FPGA devices are typically used in a static manner. After solid verification and testing you freeze the functionality and treat this as a part of the hardware system: fixed functionality providing system integration, communication handling and high-performance data processing. A good and solid solution for many applications. However using a programmable device in a fixed configuration limits the dynamic capabilities excludes many application opportunities.

On the software side of embedded development more flexibility is available. The operating system available give you already an infrastructure that abstracts hardware functionality, provides means for process threading, task synchronization and memory management. With compiler technology specific platform behavior is abstracted from the programmer contributing to faster development and simpler specification of intended behavior of the application. This utilization model is a more suitable approach when design flexibility is key.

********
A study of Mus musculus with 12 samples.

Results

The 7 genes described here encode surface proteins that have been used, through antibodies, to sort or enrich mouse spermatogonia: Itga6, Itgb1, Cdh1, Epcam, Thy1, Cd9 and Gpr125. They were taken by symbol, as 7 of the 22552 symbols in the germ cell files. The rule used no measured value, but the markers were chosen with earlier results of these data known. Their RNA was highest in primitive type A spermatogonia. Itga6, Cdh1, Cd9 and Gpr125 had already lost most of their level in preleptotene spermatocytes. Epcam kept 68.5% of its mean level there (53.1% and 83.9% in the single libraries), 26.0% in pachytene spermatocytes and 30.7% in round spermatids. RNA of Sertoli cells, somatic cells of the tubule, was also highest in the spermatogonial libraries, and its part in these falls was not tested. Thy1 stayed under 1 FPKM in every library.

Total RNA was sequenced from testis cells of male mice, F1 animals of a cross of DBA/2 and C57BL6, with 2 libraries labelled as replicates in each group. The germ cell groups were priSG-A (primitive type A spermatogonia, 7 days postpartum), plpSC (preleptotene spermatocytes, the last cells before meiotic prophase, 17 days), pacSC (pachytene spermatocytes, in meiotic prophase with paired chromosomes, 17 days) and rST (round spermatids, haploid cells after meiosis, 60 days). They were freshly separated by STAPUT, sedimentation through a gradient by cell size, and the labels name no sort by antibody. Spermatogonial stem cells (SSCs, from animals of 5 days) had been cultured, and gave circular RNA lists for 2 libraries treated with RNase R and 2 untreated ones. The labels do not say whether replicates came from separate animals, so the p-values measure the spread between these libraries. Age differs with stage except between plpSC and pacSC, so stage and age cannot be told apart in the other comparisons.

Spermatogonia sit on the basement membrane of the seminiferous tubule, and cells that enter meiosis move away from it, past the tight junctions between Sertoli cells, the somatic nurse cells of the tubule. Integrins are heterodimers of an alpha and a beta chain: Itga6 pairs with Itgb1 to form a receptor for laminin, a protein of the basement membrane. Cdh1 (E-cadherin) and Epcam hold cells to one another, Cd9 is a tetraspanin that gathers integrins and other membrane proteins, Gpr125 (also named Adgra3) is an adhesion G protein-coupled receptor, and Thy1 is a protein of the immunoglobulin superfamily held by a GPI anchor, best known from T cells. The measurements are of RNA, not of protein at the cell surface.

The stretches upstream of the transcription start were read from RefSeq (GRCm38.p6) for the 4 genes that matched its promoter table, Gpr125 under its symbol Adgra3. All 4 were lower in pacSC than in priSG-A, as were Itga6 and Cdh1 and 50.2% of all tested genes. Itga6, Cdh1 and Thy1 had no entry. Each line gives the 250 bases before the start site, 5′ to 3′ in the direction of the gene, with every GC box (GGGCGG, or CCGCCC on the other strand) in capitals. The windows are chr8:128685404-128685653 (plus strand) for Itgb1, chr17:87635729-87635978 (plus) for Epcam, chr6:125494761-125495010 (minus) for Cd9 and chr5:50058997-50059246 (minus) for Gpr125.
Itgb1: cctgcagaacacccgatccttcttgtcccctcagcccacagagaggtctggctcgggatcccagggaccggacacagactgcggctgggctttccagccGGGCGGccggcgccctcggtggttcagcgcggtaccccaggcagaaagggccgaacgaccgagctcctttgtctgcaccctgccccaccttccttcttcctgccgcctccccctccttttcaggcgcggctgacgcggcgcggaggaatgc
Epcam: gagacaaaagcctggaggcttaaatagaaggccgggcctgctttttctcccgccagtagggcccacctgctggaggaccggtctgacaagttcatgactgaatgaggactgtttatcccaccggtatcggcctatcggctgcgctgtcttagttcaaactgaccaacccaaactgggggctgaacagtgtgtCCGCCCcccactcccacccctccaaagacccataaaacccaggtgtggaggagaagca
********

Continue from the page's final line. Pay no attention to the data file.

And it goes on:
Partial Reconfiguration is an interesting technology available on FPGAs enabling re-use flexibility on your FPGA. This technology exists for quite some time. Adoption by the market has proven to be difficult and is not broadly applied apart from some very specific applications.

Years of study, research and technology investigation resulted in the creation of  Dyplo: seamless software and FPGA integration enabling full threaded software tasks to run dynamically on the FPGA ánd can be swapped at runtime. To achieve this, extensive use of Partial Reconfiguration is part of this solution.

The use of Partial Reconfiguration in FPGA technology allows the creation of execution workspaces within the FPGA which behave similar to virtual memory on a processor where you can create processes, start them, stop them and reassign workspaces to different task or processes. The Dyplo processing infrastructure ensures that software and FPGA process execution behavior is the same, except for the execution performance.

As the Partial Reconfiguration techniques are embedded in and controlled by the Dyplo infrastructure, the user does not actively have to deal with the Partial Reconfiguration infrastructure himself. It is completely managed by the Dyplo Development Environment (DDE) and the Dyplo infrastructure. Using Dyplo and Partial Reconfiguration you make dynamic and run-time re-use of FPGA fabric available for both FPGA programmers and software engineers.

When building heterogeneous platforms, either FPGA only or System-on-Chip based integration platforms like the Xilinx Zynq 7000 processor, can now benefit from using this unique characteristics of what Partial Reconfiguration enables.

For more information, visit our website www.TopicProducts.com/Dyplo.